If you aren't measuring performance, how do you know you've improved it?

When it comes to process improvement, read why building mechanisms for capturing the relevant performance indicators is so crucial.


Additionally, we might find that the process itself is undocumented, having emerged over a period of time. In situations like this our first job is to observe and understand the current situation, as well as collecting and collating data to help pinpoint problems and opportunities.

This scenario will, I'm sure, be familiar to many people reading this blog. As practitioners of change, we face these challenges all the time, and we become adept at finding ways around them. We speak to the Management Information team to understand what data is available, we interview managers, and we count and calculate things ourselves. We may well carry out activity sampling or other types of work studies to determine and quantify the relevant volumetrics. This can be an enlightening exercise—by looking at the data, we might find that there are constraints and bottlenecks that weren't immediately obvious. We can prioritize the improvement opportunities, and focus on those that will deliver the biggest ‘bang for our buck’. This data can contribute towards a business case for change, which is particularly important when we are recommending a change of approach and incurring spend—automation being a typical example.

Yet, as important as collecting data up-front is, it is really only the beginning of the story. A pitfall awaits the unprepared: If the data isn’t available now, chances are it won’t be available in future unless we consider how the core metrics are captured and reported. If we don't build the collection of volumetics into the new process, chances are we’ll never really know whether the process has become more efficient.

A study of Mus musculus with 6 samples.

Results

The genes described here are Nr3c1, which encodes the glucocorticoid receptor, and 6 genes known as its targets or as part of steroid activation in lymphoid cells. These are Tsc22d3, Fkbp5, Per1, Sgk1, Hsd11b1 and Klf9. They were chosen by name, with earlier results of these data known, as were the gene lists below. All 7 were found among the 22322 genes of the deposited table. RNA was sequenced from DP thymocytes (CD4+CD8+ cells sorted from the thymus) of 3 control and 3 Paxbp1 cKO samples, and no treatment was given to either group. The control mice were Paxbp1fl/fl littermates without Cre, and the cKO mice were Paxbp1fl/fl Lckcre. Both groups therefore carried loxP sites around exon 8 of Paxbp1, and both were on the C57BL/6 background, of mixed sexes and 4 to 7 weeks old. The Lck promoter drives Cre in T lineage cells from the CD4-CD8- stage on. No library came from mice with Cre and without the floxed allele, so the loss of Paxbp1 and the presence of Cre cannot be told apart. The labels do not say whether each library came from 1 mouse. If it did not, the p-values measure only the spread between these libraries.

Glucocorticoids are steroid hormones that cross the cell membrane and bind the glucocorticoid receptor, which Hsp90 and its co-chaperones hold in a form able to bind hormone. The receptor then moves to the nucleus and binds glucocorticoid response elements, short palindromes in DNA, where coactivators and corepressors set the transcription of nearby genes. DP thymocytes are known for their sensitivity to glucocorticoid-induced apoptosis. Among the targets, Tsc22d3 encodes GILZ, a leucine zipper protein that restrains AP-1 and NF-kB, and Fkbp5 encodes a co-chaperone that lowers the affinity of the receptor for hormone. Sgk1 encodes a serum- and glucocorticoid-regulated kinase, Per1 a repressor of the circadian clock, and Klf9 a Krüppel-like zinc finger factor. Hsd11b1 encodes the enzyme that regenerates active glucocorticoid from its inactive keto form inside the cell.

This is a consideration that should be kept in mind when designing and drafting the to-be process model. A few relevant performance indicators should be chosen to track the success of the process improvement. These performance indicators may rely on several metrics being collected, and may involve a calculation taking place. Individual tasks within the process may need to be adapted to ensure that the relevant data is collected. Collection of the data may be manual, but ideally it will be automated or semi-automated. For example, a software like Breadwinner can automatically connect Salesforce data to NetSuite, or Salesforce data to QuickBooks Online. IT systems may be used to automatically time or count certain activities and collate this for analysis. When considering effectiveness of the process overall, unless necessary, it can be preferable to remove data about individual operators—and focus instead on overall trends rather than an individual’s productivity. If automation isn't an option, then we might ask process operators to capture relevant data for us with a light-weight form or report. We must be careful not to create an onerous responsibility that will detract from the stakeholder's day job.

After implementation, these performance indicators should be monitored—remembering of course that there is often a "bedding in" period where people are trained and become familiar with the new process. This can, understandably, result in a short-term dip in productivity. Once the process has bedded in, the relevant metrics will indicate whether the change is working well. They will also act as a beacon showing where there are further potential improvement opportunities. Building in regular reviews of these metrics, whilst cultivating a culture of open and transparent communication where ideas can be shared will yield real benefits. And it will ensure that we can tell how much improvement has been achieved.

In summary: building in mechanisms for capturing the relevant performance indicators is crucial. It enables us to quantify success and look for further improvement opportunities. With this additional forethought, we help ensure  process effectiveness and efficiency.